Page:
The primary difference is that the search engine uses a complex set of algorithms to figure out a set of results that best match a set of keywords. Title and tags affect the relevance score more than the body content, for example. We go even further than this, leveraging social signals, such as activity and connections, modification date, and even "official" or "outdated" content to raise or lower the relevance score to put the best possible content in front of the end user.
The browse system, on the other hand, is a completely separate engine that queries content from the database, rather than the search index. It's more appropriate for browsing / exploring content when you aren't searching for a specific term. A good example is "Documents you've authored in the last week" or "Open questions in a group". You don't really care about a particular term, but rather the set of results that match your criteria. One of those criteria happens to be "filter by text" which doesn't change the way content is sorted to show the most relevant results, but simply removes content that doesn't have any matching terms. This filter is meant to enable me to still see a list of content I've created sorted by most recent first, but to be able to filter those results to only include content that contains the term "jive".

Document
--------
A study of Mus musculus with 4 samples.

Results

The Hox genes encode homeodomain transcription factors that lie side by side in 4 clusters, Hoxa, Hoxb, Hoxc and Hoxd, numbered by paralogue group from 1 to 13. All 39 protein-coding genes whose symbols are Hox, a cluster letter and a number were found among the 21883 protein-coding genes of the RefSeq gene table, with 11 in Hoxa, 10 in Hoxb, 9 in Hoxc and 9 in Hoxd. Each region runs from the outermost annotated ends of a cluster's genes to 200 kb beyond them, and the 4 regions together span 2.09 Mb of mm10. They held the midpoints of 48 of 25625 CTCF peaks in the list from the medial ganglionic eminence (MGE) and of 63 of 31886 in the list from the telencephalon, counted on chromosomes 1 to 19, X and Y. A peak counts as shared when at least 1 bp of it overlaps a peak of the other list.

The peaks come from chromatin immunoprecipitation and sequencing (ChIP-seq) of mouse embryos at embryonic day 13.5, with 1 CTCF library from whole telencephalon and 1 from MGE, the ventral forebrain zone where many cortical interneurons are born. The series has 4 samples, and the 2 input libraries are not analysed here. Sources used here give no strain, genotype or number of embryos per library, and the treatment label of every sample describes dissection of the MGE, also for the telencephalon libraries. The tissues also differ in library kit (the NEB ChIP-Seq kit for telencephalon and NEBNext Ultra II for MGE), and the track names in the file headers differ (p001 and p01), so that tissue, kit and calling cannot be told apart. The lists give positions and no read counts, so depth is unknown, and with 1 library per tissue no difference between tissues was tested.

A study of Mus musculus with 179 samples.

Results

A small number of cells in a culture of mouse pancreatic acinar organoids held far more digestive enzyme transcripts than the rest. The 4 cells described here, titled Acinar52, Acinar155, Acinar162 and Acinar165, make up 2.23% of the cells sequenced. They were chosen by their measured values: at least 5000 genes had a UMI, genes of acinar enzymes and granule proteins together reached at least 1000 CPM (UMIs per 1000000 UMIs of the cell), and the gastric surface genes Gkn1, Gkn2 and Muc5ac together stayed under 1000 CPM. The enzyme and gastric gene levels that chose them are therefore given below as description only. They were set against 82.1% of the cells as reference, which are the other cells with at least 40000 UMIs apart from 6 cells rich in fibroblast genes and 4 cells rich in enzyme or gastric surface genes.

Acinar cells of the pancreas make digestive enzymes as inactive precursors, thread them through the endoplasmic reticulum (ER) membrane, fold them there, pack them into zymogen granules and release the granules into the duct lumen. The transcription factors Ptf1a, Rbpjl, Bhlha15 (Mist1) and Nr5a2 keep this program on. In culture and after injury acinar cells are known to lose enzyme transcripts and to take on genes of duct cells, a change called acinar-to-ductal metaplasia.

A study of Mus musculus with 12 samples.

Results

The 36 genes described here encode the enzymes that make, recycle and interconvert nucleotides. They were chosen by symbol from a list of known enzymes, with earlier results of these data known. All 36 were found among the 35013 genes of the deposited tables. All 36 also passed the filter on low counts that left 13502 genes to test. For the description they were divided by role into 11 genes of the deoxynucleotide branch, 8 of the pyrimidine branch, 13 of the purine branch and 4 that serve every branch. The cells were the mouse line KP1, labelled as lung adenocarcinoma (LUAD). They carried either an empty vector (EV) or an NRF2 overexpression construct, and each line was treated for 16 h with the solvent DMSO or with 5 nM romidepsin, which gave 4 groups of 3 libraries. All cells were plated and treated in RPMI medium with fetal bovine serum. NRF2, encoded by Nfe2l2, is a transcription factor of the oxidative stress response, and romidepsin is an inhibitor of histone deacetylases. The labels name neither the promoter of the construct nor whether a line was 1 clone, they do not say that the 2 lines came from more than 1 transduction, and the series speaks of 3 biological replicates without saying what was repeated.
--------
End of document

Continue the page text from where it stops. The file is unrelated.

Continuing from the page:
I agree that the filter by term box on browse can often be confused with search. As we move more signals into the search index, such as content your participated in, we'll be able to eventually merge these two experiences into one. Hopefully that information and context above will enable you to explain the difference to any end user that might ask.
Thanks Nick. Excellent explanation. You've earned a free beer at JiveWorld. Come by Akira's booth to collect.